Design of Experiments

The Design of Experiments is used to choose the sampling points to be used as input parameters for full model evaluation. It is important in this stage to consider the potential range of interest and ensure that the sampling space completely covers this range so that the resulting surrogate model is analyzed within its range of support.



Variables are added in the first Variables tab by clicking on the add symbol above the table. Variables can be removed from the table by highlighting them in the table and clicking on the rm symbol. Information about the variable properties are entered and edited in the entry spaces below the table. Some of the properties are type specific, discussed below. All entered variables are listed and summarized in the table.

Variable properties:

  • variable: used to name and identify the variables.

  • arg(s): defines the variable argument, i.e., the ineger index if the variable is an array or vector.

  • units: specify variable units for plotting.

  • type: Double Precision real variables.

  • link used to specify the variable as a function of another variable. NOTE that the variable is no longer an independent variable, which can be important when sampling randomly. However, it can also be useful when dependent variables need to be set consistently with one independent random variable. The plot below shows a two variable array which must sum to one like the volume fraction of a two-phase mixture, for example.

  • from: lower bound of parameter space of this variable dimension.

  • to: upper bound of parameter space of this variable dimension.

  • levels: defines the number of evenly spaced sampling points between from and to inclusively. NOTE that this is only used in the specific instance when the factorial design is specified on the Design tab and the Use variable specific levels option is checked.

  • type: Integer integer valued variables have the same properties as Double Precision variables. NOTE that integers are also treated the same as reals during the calculation of the sampling points and then rounded. Care should be taken to avoid unwanted repeated samples.

  • type: String text based variables can be added and removed with the + and - symbols, activated by checking the box and named by double clicking on the entry space to the right of the checkbox. NOTE that the functionality of String variables is not currently fully implemented. Specifically, downstream nodes can not handle string variables. Currently, it is recommended that users convert strings into integer or real variables.

  • type: Logical variables only take integer values of 1 or 0 for True or False.


A design where two variables are linked.


The Design tab is where the samples are actually constructed. Generally speaking, there are four ways to construct a sampling scheme: ordered, sequentially (sub-random), pseudo-randomly and simply importing a design constructed previously or from a different code. Available Method’s include

Ordered designs:

Sequential designs

Random designs

Previously generated designs

  • The Import button is used to load a design saved locally in csv, comma separated variable format

Additional sampling properties:

  • Samples specifies the total number of samples drawn

  • Repeat specifies how many samples are repeated a specified number of times–this can be useful when generating designs for actual experiments and for non-deterministic simulations

  • Randomize sample order–this applies to the table as well as the order in which the samples are transferred to downstream nodes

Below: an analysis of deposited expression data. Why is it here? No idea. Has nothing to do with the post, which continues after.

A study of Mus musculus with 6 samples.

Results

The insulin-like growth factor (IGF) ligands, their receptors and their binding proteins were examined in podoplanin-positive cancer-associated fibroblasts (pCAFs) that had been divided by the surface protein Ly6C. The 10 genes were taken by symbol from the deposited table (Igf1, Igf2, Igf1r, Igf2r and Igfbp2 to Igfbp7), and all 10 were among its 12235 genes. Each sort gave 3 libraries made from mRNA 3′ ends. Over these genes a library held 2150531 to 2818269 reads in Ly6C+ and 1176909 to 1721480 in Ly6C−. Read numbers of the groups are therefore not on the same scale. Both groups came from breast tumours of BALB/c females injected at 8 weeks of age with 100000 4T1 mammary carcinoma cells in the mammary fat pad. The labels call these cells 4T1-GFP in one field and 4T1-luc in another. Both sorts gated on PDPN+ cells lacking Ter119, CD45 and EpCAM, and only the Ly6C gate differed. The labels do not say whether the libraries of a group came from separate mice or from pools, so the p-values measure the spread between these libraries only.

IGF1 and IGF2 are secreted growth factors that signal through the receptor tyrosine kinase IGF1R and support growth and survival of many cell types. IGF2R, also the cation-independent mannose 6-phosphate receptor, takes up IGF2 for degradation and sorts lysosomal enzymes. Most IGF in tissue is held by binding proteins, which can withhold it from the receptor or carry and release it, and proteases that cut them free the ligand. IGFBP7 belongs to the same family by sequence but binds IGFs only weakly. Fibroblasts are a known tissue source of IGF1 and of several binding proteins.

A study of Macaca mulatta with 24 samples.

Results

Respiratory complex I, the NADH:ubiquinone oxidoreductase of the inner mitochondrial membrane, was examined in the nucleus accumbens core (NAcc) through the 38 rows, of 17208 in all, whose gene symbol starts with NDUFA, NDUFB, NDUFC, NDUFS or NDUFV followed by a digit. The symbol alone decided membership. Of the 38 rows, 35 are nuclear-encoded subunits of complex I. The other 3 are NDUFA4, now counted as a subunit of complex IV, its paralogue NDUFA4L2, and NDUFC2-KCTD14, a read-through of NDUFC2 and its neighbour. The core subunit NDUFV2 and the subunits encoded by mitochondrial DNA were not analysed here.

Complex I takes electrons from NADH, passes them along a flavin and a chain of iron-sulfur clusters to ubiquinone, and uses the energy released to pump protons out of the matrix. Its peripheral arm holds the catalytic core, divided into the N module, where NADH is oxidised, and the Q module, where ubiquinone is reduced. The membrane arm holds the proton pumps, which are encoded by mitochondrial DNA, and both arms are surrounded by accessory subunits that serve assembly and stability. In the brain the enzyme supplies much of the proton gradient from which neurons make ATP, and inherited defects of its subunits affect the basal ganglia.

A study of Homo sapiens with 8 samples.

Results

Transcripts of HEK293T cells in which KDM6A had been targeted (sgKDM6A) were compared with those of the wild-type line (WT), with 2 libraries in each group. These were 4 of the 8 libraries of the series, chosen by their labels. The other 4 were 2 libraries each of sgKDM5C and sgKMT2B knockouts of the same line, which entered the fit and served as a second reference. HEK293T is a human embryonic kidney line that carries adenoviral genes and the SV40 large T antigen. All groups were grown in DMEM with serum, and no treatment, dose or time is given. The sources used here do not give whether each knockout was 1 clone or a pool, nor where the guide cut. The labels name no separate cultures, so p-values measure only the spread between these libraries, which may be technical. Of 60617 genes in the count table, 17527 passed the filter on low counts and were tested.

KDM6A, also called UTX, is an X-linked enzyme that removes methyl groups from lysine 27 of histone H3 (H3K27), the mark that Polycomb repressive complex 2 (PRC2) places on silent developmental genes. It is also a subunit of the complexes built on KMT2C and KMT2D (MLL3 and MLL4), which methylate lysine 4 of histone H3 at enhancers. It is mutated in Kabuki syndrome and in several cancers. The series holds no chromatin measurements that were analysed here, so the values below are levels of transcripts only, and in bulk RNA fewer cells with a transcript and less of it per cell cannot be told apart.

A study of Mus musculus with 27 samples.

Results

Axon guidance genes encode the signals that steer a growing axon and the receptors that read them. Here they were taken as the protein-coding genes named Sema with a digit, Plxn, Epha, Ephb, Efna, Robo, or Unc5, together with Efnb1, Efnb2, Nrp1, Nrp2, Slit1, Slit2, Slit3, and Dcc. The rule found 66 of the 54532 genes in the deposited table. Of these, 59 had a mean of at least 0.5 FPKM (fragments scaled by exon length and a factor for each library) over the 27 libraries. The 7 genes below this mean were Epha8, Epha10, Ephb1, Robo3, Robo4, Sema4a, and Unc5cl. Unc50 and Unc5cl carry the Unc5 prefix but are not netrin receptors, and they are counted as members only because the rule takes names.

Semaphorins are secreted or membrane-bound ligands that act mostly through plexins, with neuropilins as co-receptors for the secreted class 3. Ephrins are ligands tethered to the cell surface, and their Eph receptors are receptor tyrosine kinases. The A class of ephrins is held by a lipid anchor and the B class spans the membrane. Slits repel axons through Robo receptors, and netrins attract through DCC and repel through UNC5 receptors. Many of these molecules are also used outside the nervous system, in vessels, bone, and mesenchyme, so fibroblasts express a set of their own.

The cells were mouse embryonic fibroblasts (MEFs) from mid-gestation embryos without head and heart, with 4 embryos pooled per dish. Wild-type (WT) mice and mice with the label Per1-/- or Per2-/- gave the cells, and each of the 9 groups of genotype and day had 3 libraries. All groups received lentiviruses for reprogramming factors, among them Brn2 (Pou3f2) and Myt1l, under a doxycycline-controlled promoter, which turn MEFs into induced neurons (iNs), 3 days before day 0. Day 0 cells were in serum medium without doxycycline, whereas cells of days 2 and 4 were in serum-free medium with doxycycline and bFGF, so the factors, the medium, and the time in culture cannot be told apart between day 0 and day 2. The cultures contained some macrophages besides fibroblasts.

• Build generates the samples, also used to re-generate the design if properties are adjusted

  • Export exports the samples to a comma separated variable file

Some other method-specific properties:

  • Randomize toggles between setting the seed of the pseudorandom number generator from the given seed or from the clock NOTE that randomize should be used with caution and the accepted design should be saved with Export as the design will be re-generated and changed when the sheet is run

  • Levels a constant number number of sampling intervals to be used with all variables with the Factorial design

  • Alternatively, users may check Use variable specific levels and the intervals for each variable are taken from the levels value entered previously in the Variables tab

  • Face in the central composite design specifies circumscribed, inscribed or faced

  • Alpha in the central composite design specifies orthogonal or rotatable

  • Optimize in the latin hypercube design allows selection of an optimization technique to improve the space filling of the design. See Latin Hypercube for more.

  • Iterations in the latin hypercube design allows for the specification of iterations used by the Optimize technique.


Example of designs with 30 samples.


The samples are plotted in a 2D scatter plot. The variables can be set by selecting the Y Axis and X Axis variables from the dropdown list. The plot can be customized and saved using the buttons below the plot. By default, all variables are shown with included points in blue and excluded points in red. Excluded and/or included points can be alternatively turned off by right clicking on the plot and unchecking.


The Quality tab analyzes the spatial quality of the design. The Minimum Distance, Maximum Distance and their Ratio (Max/Min) are reported and calculated using scipy.spatial.distance.pdist. Several Distance Metric options are available from the scipy library:

The L2-Discrepancy from Eq.5 of [Fang2001b] is also calculated for the design.

\[WD^2(D) = -(4/3)^K + 1/N^2 \Sigma_{i,j=1}^{N} Pi_{k=1}^K [3/2 - |x_k^1 - x_k^2| * (1 - |x_k^1 - x_k^2|)]\]



K.T. Fang and C.X. Ma, “Wrap-Around L2-Discrepancy of Random Sampling, Latin Hypercube, and Uniform Designs,” Journal of Complexity, vol. 17, pp. 608-624, 2001.